The phone would ring in the early evening when I was cooking dinner and my wife, Eleanor, would pick up the receiver and sigh. “It’s Nick, darling. Why don’t you tell him you’ll call him back?”

In the interest of domestic calm, and dinner, I sometimes called back, but rarely. Chats with my friend of 40 years, Nicholas von Hoffman, were too much fun. Who would not skip soup for Nick’s rendering of “the niggling noodleheads of mediadom” covering the White House? Or, at election time, for his rant on the “journalistic springer spaniels and Irish setters who course the countryside, coming to attention at each new trend and tremor of taste and opinion”? Or his scorn for military pundits, “Why can’t they tell us where the front lines are in Syria, for God’s sake”? Or, his theory, with a reference to Julius Caesar, on the “upside to Piracy”? He would always end the call asking, “What’s for dinner?”

A month ago, the phone stopped ringing, and last week Nick died at the age of 88, his mind still alert, but his body exhausted from strenuous, and very successful, exertions on so many fronts—newspapers, radio, magazines, books, nonfiction and fiction, a bestseller, several plays, and a libretto.

His achievements have been celebrated. He wrote for the big newspapers, starting on the Chicago Daily News, and then The Washington Post for 10 years. Post editor Ben Bradlee praised him as one of the “landmarks in the early timid years of the New Journalism.” Nick, who never went to college, fell into journalism. “What else? I had no useful skills, I was bootless and rootless.” He never saw himself as producing any new art form, just the old methods practiced by Hearst, Pulitzer, and Mencken. The readers had to be entertained, as well as informed. “You got to get people to read the damn thing.”

His syndicated column was certainly read. He upended one American cherished ideal after another, and put so many Washington high-ups in his crosshairs that the Post’s owner, Kay Graham, who was a fan, declared how much simpler her life would be without him. Shortly, he “sort of floated away,” as he put it. It was the start of several disengagements by proprietors, editors, and producers, who couldn’t take the heat from the von Hoffman flamethrower.

He was a contemporary of the British journalist Henry Fairlie, who made a career out of biting the hand that fed him. “They were dangerous, courageous, men,” recalled Leon Wieseltier, then literary editor of The New Republic. “They could be savage, like caricaturists. The top was there to go over.”

Nick’s most famous dismissal came in 1974 from CBS’s 60 Minutes after he called Nixon, on the air, “a dead mouse on the kitchen floor that everyone was afraid to touch and put in the garbage.” Nothing by today’s standards, but a fireable offense back then, as it turned out.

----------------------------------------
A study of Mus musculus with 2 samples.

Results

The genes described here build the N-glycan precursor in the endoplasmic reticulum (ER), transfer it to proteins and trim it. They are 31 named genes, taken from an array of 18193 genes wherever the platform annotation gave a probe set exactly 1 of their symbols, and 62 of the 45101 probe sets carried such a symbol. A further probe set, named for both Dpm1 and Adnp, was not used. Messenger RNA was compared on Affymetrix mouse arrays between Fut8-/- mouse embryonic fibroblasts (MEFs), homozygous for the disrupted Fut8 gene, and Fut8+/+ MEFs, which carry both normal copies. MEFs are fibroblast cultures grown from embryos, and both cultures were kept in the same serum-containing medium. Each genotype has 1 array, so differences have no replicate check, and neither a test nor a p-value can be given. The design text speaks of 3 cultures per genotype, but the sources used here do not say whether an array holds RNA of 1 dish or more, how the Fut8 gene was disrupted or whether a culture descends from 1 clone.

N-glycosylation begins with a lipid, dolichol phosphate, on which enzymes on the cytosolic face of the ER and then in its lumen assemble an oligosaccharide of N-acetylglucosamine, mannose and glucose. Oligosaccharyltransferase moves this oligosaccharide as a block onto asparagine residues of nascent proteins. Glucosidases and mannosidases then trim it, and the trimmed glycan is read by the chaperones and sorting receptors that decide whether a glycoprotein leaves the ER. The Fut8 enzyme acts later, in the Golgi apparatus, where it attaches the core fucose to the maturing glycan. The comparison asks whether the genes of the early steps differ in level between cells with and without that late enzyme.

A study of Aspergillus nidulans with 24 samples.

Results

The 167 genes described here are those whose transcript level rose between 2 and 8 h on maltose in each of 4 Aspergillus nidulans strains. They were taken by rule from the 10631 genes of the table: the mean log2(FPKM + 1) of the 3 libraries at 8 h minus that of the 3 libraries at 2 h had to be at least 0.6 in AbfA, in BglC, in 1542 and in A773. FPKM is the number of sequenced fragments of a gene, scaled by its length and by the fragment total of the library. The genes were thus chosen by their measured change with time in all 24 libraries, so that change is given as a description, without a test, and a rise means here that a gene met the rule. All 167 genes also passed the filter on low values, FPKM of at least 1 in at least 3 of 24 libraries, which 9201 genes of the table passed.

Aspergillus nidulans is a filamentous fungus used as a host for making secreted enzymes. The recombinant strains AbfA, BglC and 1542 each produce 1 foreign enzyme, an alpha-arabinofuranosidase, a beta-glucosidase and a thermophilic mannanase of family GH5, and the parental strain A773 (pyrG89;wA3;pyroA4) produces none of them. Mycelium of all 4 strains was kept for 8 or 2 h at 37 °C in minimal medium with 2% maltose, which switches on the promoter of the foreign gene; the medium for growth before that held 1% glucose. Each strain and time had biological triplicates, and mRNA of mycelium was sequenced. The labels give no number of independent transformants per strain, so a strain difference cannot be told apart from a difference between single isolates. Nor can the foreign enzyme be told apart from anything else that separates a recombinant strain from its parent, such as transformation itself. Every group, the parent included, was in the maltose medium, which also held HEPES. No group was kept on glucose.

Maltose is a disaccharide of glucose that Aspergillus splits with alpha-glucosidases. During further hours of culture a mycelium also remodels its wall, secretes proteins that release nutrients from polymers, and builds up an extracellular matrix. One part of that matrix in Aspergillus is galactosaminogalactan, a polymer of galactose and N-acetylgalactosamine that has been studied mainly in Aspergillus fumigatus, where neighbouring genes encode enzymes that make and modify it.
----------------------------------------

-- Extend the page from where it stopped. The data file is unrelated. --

It was, he protested, only a statement about the president’s political situation. It was also his “15 or 25” minutes of fame, that precarious moment when mere reporters suddenly become stars, and, as he put it, “your head no longer fits any hat in the closet.” That never happened to Nick. He was content with what he called his “modest talent and a happy-go-lucky streak.”

The novelist Mary Breasted recalled how in 1980, the year Ronald Reagan was elected, Nick was on a public TV roundtable with, in his view, an uptight host. At one point, bored and ready for action, he leaned across the mic and yanked the host’s tie, to loosen him up a bit. The horrified producer pulled the plug and the screen went blank, only to be replaced by a new panel-in-waiting whose members were giggling uncontrollably about what they had just seen. As he left the studio, Nick called out, “I’ve been kicked off better networks.”

As Nick ran out of employers, he decamped permanently from New York to Maine. He rarely traveled, and only briefly abroad—to England, France, and Ireland. To be a member of Nick’s extended phone gang was to share his blasts, his humanity, his vivid sense of justice, and his laugh, a bellow of genuine mirth. The calls came at least once a week, sometimes more frequently.

He would not be pinned down on his politics, which were unverifiable. “I have a reputation for being a howling liberal, not true,” he told C-Span. He voted for Eisenhower and then Nixon (“I got suckered by his anti-war talk”). He was happy to be published by the libertarian, Koch-funded Cato Institute, as long as they tolerated his mischief. When pushed, he would say he believed in what he called “devolved government.”

His reputed “left-wing perspective” grew out of his first job as a community organizer in Chicago, working for the social activist Saul Alinsky. He learned from the master how to be “a constructive troublemaker.” He wrote a biography of Alinsky, published by Nation Books, and a stream of Nation articles spanning two decades targeting presidents, politicians, banks, lawyers, jackleg preachers, authors who needed taking down a peg or two, and of course, the “niggling noodleheads” of the media.

He beefed against junk politics as usual—“the ups and downs and bumpsy-daises of war and peace, of boom and bust.” But he always saw hope of radical change. In a 1978 piece for The Nation, he wrote, “Wisps of other ideas and values have not been completely voided from the hermetic social sphere. Some of us can still cause trouble, so we can hope some of us will.”

If only he had been fit enough to take on Trump.